Jim Crow Collectibles & Black Memorabilia

As Rosa Parks is honored today, many Americans remember the fight for racial equality in their time, and the Jim Crow era is still part of their personal memories, or family histories. Increasingly, black memorabilia is in high demand among serious collectors.
Black Enterprise magazine and the Wall Street Journal have touted Black memorabilia as worthwhile investments. Essence, a leading Black magazine, even gave a short tutorial on how to shop for these items. Blacks are now as likely as Whites to collect Black memorabilia -- including racist memorabilia -- and celebrities such as Oprah Winfrey and Spike Lee are avid collectors. Although some Blacks collect racist items as "investments," many Blacks, including Winfrey and Lee, collect the material to remind themselves and others of America's racist past. These collectors, regardless of their motivations, are exhausting the available supply of original Black-related items. The price of authentic Black-related memorabilia has escalated as fewer older pieces remain on the market. This escalation in prices has significant consequences: Jim Crow era artifacts are increasingly found in the elite collections of wealthy individuals or organizations, and the demand for cheaper Jim Crow styled items has spurred a flourishing reproductions market.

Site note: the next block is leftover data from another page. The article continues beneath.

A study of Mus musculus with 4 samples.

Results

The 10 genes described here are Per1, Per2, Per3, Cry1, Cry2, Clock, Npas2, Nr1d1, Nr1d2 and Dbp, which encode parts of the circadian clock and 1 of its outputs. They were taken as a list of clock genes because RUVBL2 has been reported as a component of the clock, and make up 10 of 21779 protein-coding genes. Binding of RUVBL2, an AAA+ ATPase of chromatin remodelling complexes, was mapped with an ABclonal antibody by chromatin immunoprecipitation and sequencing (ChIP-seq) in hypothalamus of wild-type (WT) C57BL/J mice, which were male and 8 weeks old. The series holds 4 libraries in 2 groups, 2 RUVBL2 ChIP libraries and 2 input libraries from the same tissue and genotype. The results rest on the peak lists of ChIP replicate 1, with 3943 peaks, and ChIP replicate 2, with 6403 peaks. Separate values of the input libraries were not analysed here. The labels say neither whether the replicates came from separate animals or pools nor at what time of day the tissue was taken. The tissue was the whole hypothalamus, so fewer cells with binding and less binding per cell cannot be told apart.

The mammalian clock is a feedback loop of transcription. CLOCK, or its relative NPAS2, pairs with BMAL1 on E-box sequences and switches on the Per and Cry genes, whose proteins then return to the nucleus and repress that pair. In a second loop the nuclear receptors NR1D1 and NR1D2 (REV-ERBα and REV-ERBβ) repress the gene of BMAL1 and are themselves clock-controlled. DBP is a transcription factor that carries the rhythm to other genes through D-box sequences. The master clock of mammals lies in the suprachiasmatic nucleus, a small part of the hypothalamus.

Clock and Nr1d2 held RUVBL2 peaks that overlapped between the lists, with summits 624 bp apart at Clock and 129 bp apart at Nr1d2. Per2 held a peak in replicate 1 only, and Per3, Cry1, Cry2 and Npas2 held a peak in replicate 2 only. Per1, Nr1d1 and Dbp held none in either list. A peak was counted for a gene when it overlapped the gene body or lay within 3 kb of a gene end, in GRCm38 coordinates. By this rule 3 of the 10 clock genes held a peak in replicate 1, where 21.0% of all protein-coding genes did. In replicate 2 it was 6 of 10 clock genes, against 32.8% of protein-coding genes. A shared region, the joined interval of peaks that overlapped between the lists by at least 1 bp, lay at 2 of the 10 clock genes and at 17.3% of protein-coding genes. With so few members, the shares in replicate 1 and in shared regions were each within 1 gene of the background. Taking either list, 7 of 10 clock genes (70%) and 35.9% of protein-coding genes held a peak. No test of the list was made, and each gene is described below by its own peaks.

The Jim Crow era in the United States extended from the mid-1870s to the mid-1960s; consequently, most of the racist artifacts in the Ferris State University Jim Crow Museum were produced and distributed during that period.

Loyalist communities in Canada were safe havens for refugee slaves in the black history of the United States and Canada.
The Underground Railroad was not actually a train but rather a name given to a loosely organized system which helped fugitive slaves and free Blacks find freedom in Canada. On August 1, 1834, the British Imperial Act abolishing slavery went into effect in British controlled areas worldwide, including Canada. Since slavery continued in the United States, both Black and white abolitionists assisted Black people through providing them with financial support, directions, shelter, food or transportation. Later, the American Fugitive Slave Act of 1850 forced freedom-seeking African Americans, and often those who helped them, to leave the United States and enter Canada. The Underground Railroad ended after the American Civil War and the end of American slavery.

Our collections include excellent examples of rare Jim Crow collectibles and black memorabilia.